Credit card fraud is not an issue many businesses concern themselves with, however, it is a very common problem. A recent Global Fraud Study by the Association of Certified Fraud Examiners revealed that the average organization suffered a median of 5% of their revenue to credit card fraud. This means businesses lose about $3.7 million in lost revenue overall. The study also found that while large companies are affected, small companies are most likely to become victimized. Better Business Bureau advises business owners to become familiar with the signs of shady orders as well as to employ processes and systems to safeguard against credit card fraud.
“Only 58% of money stolen by perpetrators is recovered”, said Mechele Agbayani Mills, President and CEO of BBB Serving Central East Texas. “: So it is in a business’ best interest to do whatever is necessary to prevent fraud from happening in the first place.”
BBB advises business owners to be watchful for the following characteristics of fraudulent orders:
- Unusually large orders placed through the Internet without any contact from the customer.
- Rush orders for large quantities or high-priced goods. Crooks may ask to have an order shipped overnight so they know exactly what day the order will arrive and they can be waiting to pick it up.
- Missing information, or information the customer refuses to give such as a day-time phone number.
- Orders that are shipped to a different address than the billing address.
- Orders from foreign countries.
- Orders on US cards shipped to foreign countries.
- Billing addresses that don’t match the information on file with the credit card company.
BBB advises the following best practices:
- Get the complete name, address, ZIP code and phone number for the cardholder. People who use stolen credit cards don’t often give out their real phone numbers, so if a sale looks suspicious, find an excuse to call the customer back, using the phone number he or she gave you, and ask to speak to the cardholder. If you can’t reach the cardholder, don’t process the order.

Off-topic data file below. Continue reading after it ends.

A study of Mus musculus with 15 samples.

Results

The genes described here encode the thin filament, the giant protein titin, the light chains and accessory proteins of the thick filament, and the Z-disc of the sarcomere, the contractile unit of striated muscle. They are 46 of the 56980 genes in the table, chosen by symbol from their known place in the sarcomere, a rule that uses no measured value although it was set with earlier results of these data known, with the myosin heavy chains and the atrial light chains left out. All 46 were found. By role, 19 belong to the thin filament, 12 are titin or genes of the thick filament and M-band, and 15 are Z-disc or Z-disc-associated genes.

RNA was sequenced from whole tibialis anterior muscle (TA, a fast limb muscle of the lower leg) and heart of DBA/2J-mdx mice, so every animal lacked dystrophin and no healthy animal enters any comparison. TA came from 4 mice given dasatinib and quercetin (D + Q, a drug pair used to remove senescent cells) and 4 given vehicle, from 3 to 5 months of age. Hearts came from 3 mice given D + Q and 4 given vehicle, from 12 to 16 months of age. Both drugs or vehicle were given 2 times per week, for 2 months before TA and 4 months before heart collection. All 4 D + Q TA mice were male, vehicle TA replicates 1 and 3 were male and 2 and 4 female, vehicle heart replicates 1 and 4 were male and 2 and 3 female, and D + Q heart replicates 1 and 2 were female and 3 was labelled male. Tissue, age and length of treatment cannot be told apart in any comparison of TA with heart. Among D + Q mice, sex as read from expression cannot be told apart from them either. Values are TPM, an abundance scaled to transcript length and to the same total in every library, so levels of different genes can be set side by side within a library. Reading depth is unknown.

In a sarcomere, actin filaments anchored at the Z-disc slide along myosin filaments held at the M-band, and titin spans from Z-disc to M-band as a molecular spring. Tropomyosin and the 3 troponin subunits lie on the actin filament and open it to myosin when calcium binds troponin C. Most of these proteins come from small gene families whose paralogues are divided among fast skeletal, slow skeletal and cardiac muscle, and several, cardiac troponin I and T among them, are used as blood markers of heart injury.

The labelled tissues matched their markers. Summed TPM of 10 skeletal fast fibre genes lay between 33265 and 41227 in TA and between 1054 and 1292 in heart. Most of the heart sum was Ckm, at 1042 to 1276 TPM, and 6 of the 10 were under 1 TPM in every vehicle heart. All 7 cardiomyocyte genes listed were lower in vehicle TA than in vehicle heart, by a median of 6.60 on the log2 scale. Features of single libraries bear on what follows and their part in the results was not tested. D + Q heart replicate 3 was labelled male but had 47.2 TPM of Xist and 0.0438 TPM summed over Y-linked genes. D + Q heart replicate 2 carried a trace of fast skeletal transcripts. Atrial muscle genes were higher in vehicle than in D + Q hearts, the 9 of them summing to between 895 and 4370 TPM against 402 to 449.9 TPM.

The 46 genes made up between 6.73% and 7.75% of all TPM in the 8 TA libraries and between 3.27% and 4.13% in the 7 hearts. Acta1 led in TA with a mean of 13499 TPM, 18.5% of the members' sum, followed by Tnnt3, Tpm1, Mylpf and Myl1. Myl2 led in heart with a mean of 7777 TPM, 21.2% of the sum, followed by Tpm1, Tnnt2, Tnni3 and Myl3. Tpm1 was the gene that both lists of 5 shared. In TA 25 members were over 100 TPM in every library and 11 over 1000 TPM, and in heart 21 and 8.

- Make sure your transactions are as secure as possible. If most of your sales are conducted online or over the phone, one way to minimize the occurrence of fraud is to implement is to use address verification (AVS) and card code verification (CCV) or CVC (Card Verification Code) for all card-not present sales (i.e., online and mail order sales).
- If you accept checks or money orders, wait until they clear to ship. Just remember you are required to make sure they have their order by the date you set or within 30 days, whichever is earlier.
To report fraudulent activity or unscrupulous business practices, please go to BBB Scam Tracker. For more information on how to be a savvy business owner, go to bbb.org. To network with BBB Accredited Businesses and other professionals, join our LinkedIn group or follow us on Facebook and Twitter.
Mechele Mills is the President|CEO for the Better Business Bureau Serving Central East Texas. Prior to her role at BBB, she led and consulted organizations of all sizes managing operations, sales marketing, and personnel for both the public and private sector. She holds a Bachelor’s in Journalism/PR from the University of Texas at Tyler and a Master’s in Business Administration from Baylor University.